Most tourists associate Tokyo's shitamachi (traditional downtown) with Asakusa, home of the ever-popular Sensoji Temple and the infamous 'golden turd' on the roof of Asahi Beer's headquarters. But only a few minutes east of the Sumida River on foot, in the shadow of the Skytree, lies a less thoroughly explored but equally attractive part of downtown. Instead of trendy and oh-so-serious 'third wave' coffee shops, these areas are littered with traditional kissaten – the kind of old-school Japanese cafés that specialised in artisanal coffee decades before anyone had heard of Blue Bottle or AeroPressing. Escape the crowds and follow us on a tour of four shitamachi spots that are sure to satisfy your caffeine cravings.
Four fine shitamachi coffeeshops
Hearing the owner of this café was something of a local big shot, we entered expecting some tough guy to welcome us with a true downtown grunt. Imagine our surprise when owner Yasutaka Inaba greeted us with a friendly smile and immediately showed us to a table. A favourite among locals stopping by to take a break from work, this spot caters to everyone from busy businesspeople to families with small children, so first-timers will feel welcome right away, The laidback Mr Inaba takes coffee very seriously, dripping each cup by hand to make sure the product meets his sky-high quality standards. Leaving without trying their homemade cheesecake would be a crime, and don't worry if you can't read Japanese – the shop has both English and Chinese menus.
Named after ukiyo-e master Katsushika Hokusai, creator of the '36 views of Mt Fuji' landscape prints – including the now all-but-cliché 'Great Wave off Kanagawa' – Hokusai Sabo is a fixture of the neighbourhood that gave birth to Edo's famed woodblock print wizard. Crowds gather here even on weekdays, with locals and visitors alike eager to sample the café's sweets. Their signature dessert is the Sabo Tokusei Anmitsu, a combination of homemade red bean paste, shiratama rice cakes, black honey and agar, topped with copious amounts of fresh fruit. They are served with shiratama made to order, which gives them a nice chewy texture, and there's really no way your sweet tooth won't be satisfied after digging into this voluminous serving. You can also go for some ice cream or warabimochi (jelly-like rice cakes with sweet soybean powder), but do consider bringing a Japanese speaker along with you – there are no English menus here.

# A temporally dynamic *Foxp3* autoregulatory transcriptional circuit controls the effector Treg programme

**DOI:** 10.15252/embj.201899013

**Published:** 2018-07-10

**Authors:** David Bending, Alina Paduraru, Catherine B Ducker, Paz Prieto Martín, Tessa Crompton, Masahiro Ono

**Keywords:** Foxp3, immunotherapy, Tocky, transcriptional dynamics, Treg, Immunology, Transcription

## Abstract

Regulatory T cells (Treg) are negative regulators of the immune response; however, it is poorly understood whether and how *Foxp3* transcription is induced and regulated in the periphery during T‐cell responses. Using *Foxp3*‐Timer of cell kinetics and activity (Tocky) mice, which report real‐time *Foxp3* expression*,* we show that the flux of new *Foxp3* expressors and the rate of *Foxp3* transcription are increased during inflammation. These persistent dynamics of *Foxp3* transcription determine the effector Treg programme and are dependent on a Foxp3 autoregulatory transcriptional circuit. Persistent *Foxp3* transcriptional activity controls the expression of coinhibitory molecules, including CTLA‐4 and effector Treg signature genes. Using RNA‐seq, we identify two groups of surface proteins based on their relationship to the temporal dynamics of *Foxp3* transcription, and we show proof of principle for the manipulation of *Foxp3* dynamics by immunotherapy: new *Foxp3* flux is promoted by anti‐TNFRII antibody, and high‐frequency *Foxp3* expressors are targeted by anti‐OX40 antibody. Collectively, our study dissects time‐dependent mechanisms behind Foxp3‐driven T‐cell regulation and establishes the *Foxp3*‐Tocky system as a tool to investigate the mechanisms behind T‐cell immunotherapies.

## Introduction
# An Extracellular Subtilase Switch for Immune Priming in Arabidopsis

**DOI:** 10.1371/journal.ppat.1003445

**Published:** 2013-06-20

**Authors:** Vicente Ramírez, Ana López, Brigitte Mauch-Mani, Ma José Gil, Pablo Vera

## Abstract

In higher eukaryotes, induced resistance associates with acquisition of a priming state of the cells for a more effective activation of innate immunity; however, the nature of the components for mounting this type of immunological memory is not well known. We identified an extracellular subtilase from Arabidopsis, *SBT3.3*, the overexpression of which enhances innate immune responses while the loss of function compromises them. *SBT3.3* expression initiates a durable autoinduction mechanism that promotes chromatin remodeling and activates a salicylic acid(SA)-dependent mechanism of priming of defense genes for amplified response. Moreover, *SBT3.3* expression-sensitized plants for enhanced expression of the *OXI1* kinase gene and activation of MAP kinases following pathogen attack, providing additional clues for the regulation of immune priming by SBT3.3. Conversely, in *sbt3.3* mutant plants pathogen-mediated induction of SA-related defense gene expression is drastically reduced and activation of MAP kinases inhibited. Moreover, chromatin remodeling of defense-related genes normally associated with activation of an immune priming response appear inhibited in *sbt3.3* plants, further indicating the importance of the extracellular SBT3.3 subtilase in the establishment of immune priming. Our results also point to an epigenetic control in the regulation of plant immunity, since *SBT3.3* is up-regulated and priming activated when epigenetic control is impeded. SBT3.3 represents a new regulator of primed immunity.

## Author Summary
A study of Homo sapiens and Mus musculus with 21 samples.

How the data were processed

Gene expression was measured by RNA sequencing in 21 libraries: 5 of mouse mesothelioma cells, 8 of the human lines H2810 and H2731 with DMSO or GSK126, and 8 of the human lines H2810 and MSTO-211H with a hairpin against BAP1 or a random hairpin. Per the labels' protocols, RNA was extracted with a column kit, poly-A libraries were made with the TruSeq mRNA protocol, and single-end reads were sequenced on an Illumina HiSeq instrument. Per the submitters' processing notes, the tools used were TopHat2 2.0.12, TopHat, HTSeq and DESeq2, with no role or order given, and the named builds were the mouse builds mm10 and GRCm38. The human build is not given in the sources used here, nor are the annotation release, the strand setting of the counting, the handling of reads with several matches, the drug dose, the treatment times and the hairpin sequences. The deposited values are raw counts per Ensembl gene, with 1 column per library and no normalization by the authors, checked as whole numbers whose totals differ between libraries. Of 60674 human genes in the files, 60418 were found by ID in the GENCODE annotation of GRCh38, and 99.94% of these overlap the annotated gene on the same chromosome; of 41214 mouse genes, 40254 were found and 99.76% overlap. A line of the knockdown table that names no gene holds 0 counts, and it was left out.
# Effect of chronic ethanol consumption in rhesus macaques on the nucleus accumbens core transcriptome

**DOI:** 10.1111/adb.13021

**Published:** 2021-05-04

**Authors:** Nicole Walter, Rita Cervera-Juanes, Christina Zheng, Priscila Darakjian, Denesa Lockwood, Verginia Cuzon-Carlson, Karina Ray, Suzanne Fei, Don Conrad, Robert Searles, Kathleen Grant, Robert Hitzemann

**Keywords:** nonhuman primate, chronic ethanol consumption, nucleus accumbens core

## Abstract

If you want to fully experience the Japanese way of drinking Joe, head straight for Sumida Coffee. Instead of serving their power-packed roast in ceramic mugs, these guys use Edo Kiriko cups, honouring the traditional, Tokyo-born form of glass manufacturing and decoration. Typically only associated with cold drinks, the Edo Kiriko ware here was made to order by a master of the craft and can't be found anywhere else. There are 11 different cup designs, and the owner pairs each one with a customer based on his impression of the person in question. If you like the one he picks for you, consider buying a cup with the same design as a souvenir – they're all for sale at the counter.
Upon entering this 70-year-old, beautifully renovated wooden building, you’ll be sure to spot the exquisite wooden counter that looks like it was made to order. Apparently that’s not the case: the owner tells us he picked it up on a walk after spotting the discarded piece of wood just lying around (for proof, take a closer look and you’ll see the saw marks). To the right of the counter sits a small millstone used to grind the coffee, which surprises with its sweet, mellow taste and is best combined with some soba noodles or a buckwheat galette – the wheat for these is also ground on the millstone. Add a little yuzu-kosho (citrus seasoning) for an extra kick, and enjoy the eccentric-sounding but unexpectedly tasty combo of craft coffee and handmade noodles.